The CSCS (Swiss National Supercomputing Centre) moved the biggest Swiss supercomputer to Lugano. The new building is right in front of the stadium.
Recently the center had an open day in which the general population could tour the new center and learn about the uses of supercomputers for research. The event has been very instructional, and attracted a large number of people.
Here’s how the supercomputer Monterosa looks like:
But, as the CSCS expert said, this is just the tip of the iceberg: below this level there are two floors wherer the resources (electricity and water for the cooling system) are stored and distributed. The floor dedicated to the distribution is usually around 60cm, but here in Lugano they like to do things well… their floor is 6 meters!
And here’s the picture of the backstage, the floor below the supercomputers, where the water for the cooling system is distributed from the ground floor to the upper floor where the supercomputer is located:
And finally a view inside the supercomputer:
The supercomputer actually uses the same processors as in our normal computers, but it uses thousand of them in parallel. Indeed the difficult part is to coordiante them. Only in supercompuers you find that each board has an (expensive) part dedicated to the communication with the other processors.
At the center they had conferences and talks to explain the history and function of the supercomputers.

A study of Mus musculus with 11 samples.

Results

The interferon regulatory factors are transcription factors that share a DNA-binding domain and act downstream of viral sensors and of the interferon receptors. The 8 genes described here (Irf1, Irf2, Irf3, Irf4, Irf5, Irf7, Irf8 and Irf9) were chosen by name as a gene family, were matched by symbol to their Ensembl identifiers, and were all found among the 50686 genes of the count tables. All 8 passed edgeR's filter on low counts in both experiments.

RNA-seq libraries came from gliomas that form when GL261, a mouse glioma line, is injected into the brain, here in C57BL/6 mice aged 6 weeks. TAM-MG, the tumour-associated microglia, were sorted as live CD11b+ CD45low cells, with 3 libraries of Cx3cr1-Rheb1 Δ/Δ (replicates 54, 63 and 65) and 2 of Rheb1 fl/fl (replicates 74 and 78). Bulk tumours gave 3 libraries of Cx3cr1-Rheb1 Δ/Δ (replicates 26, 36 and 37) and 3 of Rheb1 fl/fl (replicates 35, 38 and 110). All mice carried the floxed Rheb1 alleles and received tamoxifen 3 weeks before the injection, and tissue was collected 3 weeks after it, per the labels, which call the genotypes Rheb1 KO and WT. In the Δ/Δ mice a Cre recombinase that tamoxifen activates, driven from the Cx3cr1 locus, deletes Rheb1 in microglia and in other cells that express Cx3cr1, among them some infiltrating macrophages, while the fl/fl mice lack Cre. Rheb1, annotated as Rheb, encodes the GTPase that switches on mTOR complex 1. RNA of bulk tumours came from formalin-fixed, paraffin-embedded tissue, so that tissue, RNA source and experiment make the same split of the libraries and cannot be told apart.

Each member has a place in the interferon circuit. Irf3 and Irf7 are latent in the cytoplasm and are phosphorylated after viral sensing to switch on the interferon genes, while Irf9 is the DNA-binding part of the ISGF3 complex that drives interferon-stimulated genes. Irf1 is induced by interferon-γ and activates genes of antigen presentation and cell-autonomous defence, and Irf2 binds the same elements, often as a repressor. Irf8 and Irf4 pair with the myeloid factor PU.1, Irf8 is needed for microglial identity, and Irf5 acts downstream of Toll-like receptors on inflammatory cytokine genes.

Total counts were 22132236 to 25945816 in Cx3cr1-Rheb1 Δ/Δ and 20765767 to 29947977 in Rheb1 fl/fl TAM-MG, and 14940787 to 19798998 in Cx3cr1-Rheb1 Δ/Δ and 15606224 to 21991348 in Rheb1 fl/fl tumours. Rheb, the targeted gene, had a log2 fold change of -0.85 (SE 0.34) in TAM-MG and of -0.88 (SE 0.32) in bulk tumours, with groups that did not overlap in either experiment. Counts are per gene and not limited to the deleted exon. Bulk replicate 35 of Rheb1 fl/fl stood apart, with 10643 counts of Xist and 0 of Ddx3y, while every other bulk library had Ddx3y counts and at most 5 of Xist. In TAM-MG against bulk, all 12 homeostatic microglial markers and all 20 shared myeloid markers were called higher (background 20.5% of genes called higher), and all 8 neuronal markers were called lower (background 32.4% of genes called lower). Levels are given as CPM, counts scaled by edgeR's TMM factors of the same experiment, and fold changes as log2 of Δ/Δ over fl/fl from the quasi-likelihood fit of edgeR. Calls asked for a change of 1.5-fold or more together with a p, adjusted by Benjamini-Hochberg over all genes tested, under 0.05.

The following poster explains (visually) the evolution of Swiss supercomputers… impressive. The supercomputer of year 1991 had half the computational power of a normal laptor we use nowadays!
The biggest supercomputer they have in Switzerland, the Monterosa in the picture above, can calcualte in one day what your computer could calculate in 64 years!
And what do they do with all these computational resources? Supercomputers are used mainly by scientists for two tasks: simulation (astrophysics, analysis of structures, chemistry simulations, etc), and for the analysis of large quantities of data (i.e., for the recent CERN particle acceleration experiment or to analyze genetic data). The service is free for scientists, which have to submit a proposals for their project: an international panel fo experts evalates the projects and their scientific relevance, and eventually grant access to use the facilities of the center. Nothing is secret here, the scientists are expected to publish the results of their studies for which they used the suercomputer. The supercomputers are also available for commercial use, but not for free. For instance the center for Weather forecast is using one of the supercomputers to pridict the weather in Switzerland.
Apperently, a huge supercomputer will be created in Zurich in the near future for analyzing social data, for which the European Union has given a budget of 1 billion euros (yes, billion, not million). The project is called FUTURICT “an initiative backed by the European Commission’s Flagship Programme supporting extensive, visionary research initiatives to determine ICT’s role in society.”